Forbes: Speaking Freely
February 1 2000 by Ronald Bailey
A NEW BIRTH OF FREEDOM: VISION FOR AMERICA.
BY STEVE FORBES. REGNERY PUBLISHING, $17.95, 204 PP.
CAMPAIGN MANIFESTOS ARE USUALLY long on mushy high-minded sentiments and glittering policy generalities and short on real substance and hard choices. In A New Birth of Freedom, the reader will find some of that, but candidate for the Republican presidential nomination and publisher Steve Forbes also provides some real meat in this readable statement of principles.
In 1996, Forbes was clearly the policy thinker and innovator among Republican candidates. He advocated a flat tax to replace the absurdly byzantine and unfair income tax system and caught the imagination of many voters, winning both the Arizona and Delaware primaries. The eventual Republican nominee, Bob Dole, was forced to announce that he would cut taxes across the board by 15 percent in a half-hearted response to the popularity of Forbes’ simple and fair plan. Forbes also championed privatizing at least part of Social Security when establishment politicians shied away from suggesting any reforms to the so-called “third rail” of American politics (“touch it and you die”), and promoted the creation of school choice programs.
Forbes is still pushing these innovative proposals today. “The only thing we can do with this hideous beast is kill it, drive a stake through its heart, bury it, and hope that it never rises again to terrorize the American people,” declares Forbes of the current income tax code. He points out that there are 569 different tax forms and 17,000 pages of regulations amounting to more than 7,000,000 words in the IRS code. Nobody understands them all and tax compliance costs run about $250 billion per year. Forbes wants to abolish the IRS and replace it with a simple 17 percent income tax with high personal and child deductions such that a family of four making $36,000 or under would pay no federal tax at all.
In place of the current social security system, which is unsustainable in the long run, he outlines a plan that guarantees current recipients’ benefits will not be cut, but allows younger people to begin putting their payroll savings taxes into private IRA-like accounts. These accounts would be real assets that retirees could pass to heirs. If a couple earning $36,000 annually were permitted to invest their payroll taxes in a conservative stock and mutual fund account returning 7 percent annually (after inflation); they would retire with $700,000 in real dollars.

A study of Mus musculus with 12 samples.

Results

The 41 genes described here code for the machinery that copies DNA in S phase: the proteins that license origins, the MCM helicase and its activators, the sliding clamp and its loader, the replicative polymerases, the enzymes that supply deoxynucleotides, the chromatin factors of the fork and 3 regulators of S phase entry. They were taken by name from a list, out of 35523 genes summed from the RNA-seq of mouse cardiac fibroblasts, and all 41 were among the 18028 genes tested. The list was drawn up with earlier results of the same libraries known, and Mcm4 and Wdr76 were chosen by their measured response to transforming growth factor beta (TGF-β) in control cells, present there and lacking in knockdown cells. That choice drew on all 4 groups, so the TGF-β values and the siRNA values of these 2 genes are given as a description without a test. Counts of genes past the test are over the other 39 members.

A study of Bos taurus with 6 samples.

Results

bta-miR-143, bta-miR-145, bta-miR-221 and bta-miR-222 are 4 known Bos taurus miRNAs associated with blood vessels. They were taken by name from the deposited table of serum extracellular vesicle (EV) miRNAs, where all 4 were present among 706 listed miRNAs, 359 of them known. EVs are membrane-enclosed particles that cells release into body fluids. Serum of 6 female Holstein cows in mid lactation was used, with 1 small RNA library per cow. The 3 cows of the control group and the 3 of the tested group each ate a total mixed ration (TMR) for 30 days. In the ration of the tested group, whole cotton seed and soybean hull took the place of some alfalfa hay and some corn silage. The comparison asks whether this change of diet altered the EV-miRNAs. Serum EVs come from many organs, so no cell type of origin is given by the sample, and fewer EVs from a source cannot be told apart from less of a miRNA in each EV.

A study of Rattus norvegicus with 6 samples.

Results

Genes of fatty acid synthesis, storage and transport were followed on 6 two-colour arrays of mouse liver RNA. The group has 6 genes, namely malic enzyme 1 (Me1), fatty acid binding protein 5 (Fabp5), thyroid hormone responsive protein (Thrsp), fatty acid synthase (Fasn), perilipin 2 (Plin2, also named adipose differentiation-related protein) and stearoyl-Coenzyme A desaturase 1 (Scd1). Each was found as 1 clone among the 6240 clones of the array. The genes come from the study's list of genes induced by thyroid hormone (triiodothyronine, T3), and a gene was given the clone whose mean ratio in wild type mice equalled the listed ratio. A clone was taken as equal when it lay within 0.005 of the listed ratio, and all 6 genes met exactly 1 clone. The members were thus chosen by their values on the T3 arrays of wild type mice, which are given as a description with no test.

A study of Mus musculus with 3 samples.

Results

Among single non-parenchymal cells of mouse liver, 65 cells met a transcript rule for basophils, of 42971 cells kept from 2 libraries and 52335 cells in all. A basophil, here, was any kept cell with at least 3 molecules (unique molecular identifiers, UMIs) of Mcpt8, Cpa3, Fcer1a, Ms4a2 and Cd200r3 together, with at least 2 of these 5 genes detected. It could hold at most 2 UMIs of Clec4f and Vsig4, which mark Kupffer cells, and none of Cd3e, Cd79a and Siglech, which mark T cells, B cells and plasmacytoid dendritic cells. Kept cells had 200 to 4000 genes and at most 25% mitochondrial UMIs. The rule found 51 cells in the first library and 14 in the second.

Forbes asserts that education should be primarily a local issue, but that national leadership can encourage programs in which parents receive scholarships they can use to pay for their childrens’ education at the schools of their choice. This engenders competition by transforming students and their parents from bureaucratic “clients” into “customers” shopping for a service. Competition improves the quality of goods and services in all other areas of our economy and would clearly do so for education as well.
The fact that all three of these proposals are now campaign staples that have been adopted by nearly all of the candidates in the 2000 race for the Republican presidential nomination shows that Forbes is a true political visionary. In addition to the big three above, Forbes also makes some sensible proposals about using markets rather than top-down regulations to protect the natural environment and extend health care to more citizens. He is against racial discrimination of all sorts, including affirmative action programs for minorities. And he feels welfare tempts our most vulnerable citizens into dependency and immorality.
However, no candidate is perfect. Forbes favors the continued prosecution of the drug war, which costs tens of billions annually and has not measurably reduced either the price of drugs or their use. This war has tossed hundreds of thousands of nonviolent offenders in prison, led to the increased militarization of our police forces, and increasingly endangers our broader civil liberties, while severely undermining the stability of many foreign governments. Forbes might have been expected to offer new ideas for handling the drug problem rather than just a more vigorous pursuit of already badly failed policy. And Forbes more or less endorsed the Kansas state school board’s daft decision to ban the teaching of evolution in public schools. Of course, nearly all of the other candidates did too.
At the moment, Forbes’ chances of a term in office don’t look promising. But his ideas, once thought unrealistically radical, are now mainstream Republican Party dogma. Forbes has pointed his fellow citizens to the promised land of limited government and greater prosperity, although he won’t be able lead them into it himself. However, he can take solace in the fact that his book is a readable and provocative presentation of his innovative political visions.
Ronald Bailey is the science correspondent for Reason magazine and his new book Earth Report 2000 was just published by McGraw-Hill. Also, in the interests of full disclosure, he is proud to say that he worked as a staff writer for Forbes magazine in from 1988 to 1990.